When and How to Talk to Kids About Sex
Here's a brief guide to get you started with "the talk."
Posted Jan 21, 2020
As a sex educator and researcher, one of the most common questions I am asked is when and how to talk to your kids about sex. For example, in a recent email, a reader of my work asked, “At what age should parents talk about sex to their children—or at what age do children need to know about sex?”
So when should you get started? And what do parents need to know in order to successfully navigate this discussion? Here’s a brief guide to help you get started:
1. Initiate the talk early—and keep the conversation going. Too many parents wait for the “right” time to come along for the talk, only to find that it never does—and then they don’t have the talk at all, or it only happens after their kid has already become sexually active, which is obviously too late. By starting when they’re young, you have a chance to ease into things and make sure your child has the information they need when they need it.
The way to think about this is that you’re going to have a series of age-appropriate talks—you don’t need to get everything out there all at once. For example, in earlier childhood, the focus can be on learning the correct anatomical names for all of their body parts, recognizing that different people have different bodies, and understanding appropriate versus inappropriate touching. As they get older, you can talk about how babies are made and the bodily changes that happen during puberty. Later on, you can address safe-sex practices, sexual consent, and how to navigate relationships.
Again, the goal is to make this age-appropriate and to think of it as an ongoing discussion that evolves in response to what your child needs to know. This incremental process can also make it easier on you as a parent. Instead of letting the awkwardness continue to build by delaying it, you get to open the lines of communication early and get everyone used to talking about sex and the human body, which will make subsequent conversations on more complex subjects much easier.
In short, stop thinking about the talk as a one-time thing. Instead, think of it as a series of talks that gradually advance based on what your kid needs to know at the time.
2. Find out what your kids are learning about sex in school—and be prepared to fill in the gaps. Consider attending the sex education program your kids will be exposed to (if that’s an option), or speak with your child’s teacher about what exactly will be covered in their course. Don’t assume that your kids are getting all of the knowledge they need at school (odds are, they aren’t—sex education in the United States and many other parts of the world tends to be pretty poor). You need to know what information the school is providing so that you can supplement it as needed, correct misinformation (don't assume that everything that is being taught is accurate!), and be prepared to answer your child’s questions.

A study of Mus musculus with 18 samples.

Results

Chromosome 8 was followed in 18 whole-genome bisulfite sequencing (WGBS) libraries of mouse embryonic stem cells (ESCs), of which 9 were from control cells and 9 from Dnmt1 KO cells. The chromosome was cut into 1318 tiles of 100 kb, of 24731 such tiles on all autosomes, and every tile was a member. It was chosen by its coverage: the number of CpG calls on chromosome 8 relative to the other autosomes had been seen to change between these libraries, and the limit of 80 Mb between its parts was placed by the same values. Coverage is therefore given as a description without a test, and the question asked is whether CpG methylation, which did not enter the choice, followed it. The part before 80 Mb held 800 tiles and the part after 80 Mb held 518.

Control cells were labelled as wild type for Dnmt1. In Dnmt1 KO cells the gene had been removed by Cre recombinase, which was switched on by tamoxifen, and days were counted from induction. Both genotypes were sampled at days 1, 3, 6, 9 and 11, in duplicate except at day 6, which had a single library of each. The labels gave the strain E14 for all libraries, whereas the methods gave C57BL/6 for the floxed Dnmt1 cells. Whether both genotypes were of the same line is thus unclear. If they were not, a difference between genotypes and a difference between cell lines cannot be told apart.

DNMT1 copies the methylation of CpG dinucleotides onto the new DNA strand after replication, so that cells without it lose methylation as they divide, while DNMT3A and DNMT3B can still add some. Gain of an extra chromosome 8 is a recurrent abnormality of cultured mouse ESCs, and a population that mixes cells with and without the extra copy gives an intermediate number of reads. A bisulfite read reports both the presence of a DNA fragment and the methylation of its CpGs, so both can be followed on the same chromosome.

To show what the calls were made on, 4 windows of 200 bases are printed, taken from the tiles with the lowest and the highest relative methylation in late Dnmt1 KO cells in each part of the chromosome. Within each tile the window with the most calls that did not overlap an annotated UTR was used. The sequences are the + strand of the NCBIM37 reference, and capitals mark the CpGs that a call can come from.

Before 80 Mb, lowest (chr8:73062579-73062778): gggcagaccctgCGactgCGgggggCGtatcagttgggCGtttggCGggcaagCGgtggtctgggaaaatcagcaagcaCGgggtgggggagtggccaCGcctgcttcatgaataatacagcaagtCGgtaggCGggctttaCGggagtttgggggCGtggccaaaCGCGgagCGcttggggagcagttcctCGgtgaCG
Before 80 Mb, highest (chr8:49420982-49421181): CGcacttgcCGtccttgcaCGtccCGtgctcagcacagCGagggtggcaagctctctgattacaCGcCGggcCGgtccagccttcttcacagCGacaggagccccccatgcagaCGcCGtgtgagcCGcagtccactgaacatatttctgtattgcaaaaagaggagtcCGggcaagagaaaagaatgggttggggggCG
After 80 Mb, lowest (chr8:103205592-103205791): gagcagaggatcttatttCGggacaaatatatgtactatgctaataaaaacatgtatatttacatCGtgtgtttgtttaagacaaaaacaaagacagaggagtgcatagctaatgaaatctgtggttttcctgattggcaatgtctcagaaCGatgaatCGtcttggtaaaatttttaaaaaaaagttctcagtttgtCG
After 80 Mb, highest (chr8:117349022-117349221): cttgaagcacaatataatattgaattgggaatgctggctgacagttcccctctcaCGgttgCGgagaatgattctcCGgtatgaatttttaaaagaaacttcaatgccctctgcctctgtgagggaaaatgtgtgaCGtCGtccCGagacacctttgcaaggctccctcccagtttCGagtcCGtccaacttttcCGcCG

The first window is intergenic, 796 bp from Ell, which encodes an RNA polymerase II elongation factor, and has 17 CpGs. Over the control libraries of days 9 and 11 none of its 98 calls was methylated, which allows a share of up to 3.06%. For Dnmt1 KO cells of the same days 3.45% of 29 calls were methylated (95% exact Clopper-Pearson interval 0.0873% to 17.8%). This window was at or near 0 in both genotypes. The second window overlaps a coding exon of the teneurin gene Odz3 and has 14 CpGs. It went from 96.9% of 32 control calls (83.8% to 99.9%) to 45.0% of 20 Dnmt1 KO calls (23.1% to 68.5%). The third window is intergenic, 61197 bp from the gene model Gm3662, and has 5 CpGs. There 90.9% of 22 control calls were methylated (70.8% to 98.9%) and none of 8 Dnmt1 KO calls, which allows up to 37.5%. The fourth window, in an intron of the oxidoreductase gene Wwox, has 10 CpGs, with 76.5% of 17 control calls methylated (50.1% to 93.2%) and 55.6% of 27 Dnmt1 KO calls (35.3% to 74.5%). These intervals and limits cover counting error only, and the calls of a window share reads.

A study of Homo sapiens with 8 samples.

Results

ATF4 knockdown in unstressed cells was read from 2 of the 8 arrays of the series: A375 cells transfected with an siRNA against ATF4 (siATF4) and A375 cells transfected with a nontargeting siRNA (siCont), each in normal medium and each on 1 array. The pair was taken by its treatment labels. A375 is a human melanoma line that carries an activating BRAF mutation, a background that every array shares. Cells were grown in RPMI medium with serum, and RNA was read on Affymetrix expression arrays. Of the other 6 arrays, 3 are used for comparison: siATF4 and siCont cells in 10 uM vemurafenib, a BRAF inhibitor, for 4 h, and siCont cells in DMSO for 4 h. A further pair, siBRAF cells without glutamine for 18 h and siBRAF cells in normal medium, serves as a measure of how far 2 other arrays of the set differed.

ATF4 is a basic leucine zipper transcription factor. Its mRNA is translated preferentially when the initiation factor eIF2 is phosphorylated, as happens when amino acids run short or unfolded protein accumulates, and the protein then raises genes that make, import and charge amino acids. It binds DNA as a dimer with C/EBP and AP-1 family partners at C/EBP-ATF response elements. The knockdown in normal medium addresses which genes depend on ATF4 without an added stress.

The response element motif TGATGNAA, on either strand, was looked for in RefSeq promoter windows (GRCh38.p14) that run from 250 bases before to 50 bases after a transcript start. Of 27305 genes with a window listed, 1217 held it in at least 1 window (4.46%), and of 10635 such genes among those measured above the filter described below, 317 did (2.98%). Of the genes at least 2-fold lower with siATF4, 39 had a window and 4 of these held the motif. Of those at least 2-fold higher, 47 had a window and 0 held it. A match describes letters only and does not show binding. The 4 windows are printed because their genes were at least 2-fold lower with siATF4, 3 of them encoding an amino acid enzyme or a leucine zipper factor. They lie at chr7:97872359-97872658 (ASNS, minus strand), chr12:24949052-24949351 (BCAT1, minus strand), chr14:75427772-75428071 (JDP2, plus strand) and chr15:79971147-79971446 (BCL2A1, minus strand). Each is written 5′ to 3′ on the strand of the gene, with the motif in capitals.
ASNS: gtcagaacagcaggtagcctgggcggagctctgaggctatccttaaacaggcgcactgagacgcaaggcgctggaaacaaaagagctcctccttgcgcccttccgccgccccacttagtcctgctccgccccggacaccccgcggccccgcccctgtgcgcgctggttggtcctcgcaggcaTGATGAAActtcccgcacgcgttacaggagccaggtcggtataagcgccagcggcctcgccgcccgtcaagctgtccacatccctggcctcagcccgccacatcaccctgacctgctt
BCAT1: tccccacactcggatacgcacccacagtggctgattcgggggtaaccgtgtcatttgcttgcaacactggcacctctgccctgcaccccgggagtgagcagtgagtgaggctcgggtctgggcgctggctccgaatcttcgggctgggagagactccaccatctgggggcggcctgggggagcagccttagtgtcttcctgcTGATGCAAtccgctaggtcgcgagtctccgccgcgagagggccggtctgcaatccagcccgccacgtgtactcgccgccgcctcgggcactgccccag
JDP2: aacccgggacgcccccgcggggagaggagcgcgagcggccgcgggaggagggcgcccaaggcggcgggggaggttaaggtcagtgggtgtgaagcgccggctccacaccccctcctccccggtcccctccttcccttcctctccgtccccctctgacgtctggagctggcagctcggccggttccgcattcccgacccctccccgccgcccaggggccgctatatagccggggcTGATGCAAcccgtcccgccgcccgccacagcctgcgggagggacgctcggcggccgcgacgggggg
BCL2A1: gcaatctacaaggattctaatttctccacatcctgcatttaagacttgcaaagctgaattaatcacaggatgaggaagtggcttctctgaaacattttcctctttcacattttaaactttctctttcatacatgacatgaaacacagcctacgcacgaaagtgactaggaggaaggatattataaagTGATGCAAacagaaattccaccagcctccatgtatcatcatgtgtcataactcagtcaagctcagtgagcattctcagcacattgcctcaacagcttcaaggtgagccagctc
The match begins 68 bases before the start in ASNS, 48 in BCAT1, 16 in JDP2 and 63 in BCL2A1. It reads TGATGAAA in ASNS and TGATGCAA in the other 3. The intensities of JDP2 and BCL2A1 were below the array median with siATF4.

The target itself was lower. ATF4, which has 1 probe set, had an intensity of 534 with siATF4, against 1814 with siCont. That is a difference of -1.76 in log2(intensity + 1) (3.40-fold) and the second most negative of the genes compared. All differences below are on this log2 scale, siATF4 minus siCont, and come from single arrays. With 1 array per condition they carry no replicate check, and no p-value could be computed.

3. Recognize that uncertainty and embarrassment are common reactions but don’t let those stop you. Many of us never got a sex talk from our own parents, which makes the process of talking to our kids all the more difficult because we don’t have a model for how things should go. Don’t let that uncertainty hold you back. The truth is that there isn't one “correct” way to teach your kids about sex and you can chart your own course.
It’s also OK if you feel a little embarrassed at times—this is a very common reaction. Kids embarrass their parents all of the time with inquisitive questions as they try to make sense of the world, so having a sex talk is hardly unique in that sense. If you’re worried that you won’t have the right words or that you won’t be able to describe things very well, then bring out some books to help (one of my personal favorites is Let’s Talk About S-E-X).
4. Don’t leave all of the hot-button and serious issues off of the table. Human sexuality is complicated, and it’s a heck of a lot more to it than penis-in-vagina intercourse. Your kid wants (and needs) to know more than simply how babies are made, how to avoid STIs, and how to prevent unwanted pregnancy. For example, topics such as sexual orientation, masturbation, oral sex, and sexual assault need to be addressed, too.
5. Remember that not all kids are heterosexual and cisgender. Depending on your child’s gender identity and sexual orientation, they may need to know different information when it comes to navigating relationships and keeping themselves (and their partners) safe. “Sex” doesn’t necessarily mean the same thing to someone who is LGBTQIA. For an inclusive guide on what you need to know if you’re the parent of an LGBTQIA child, check out this helpful guide.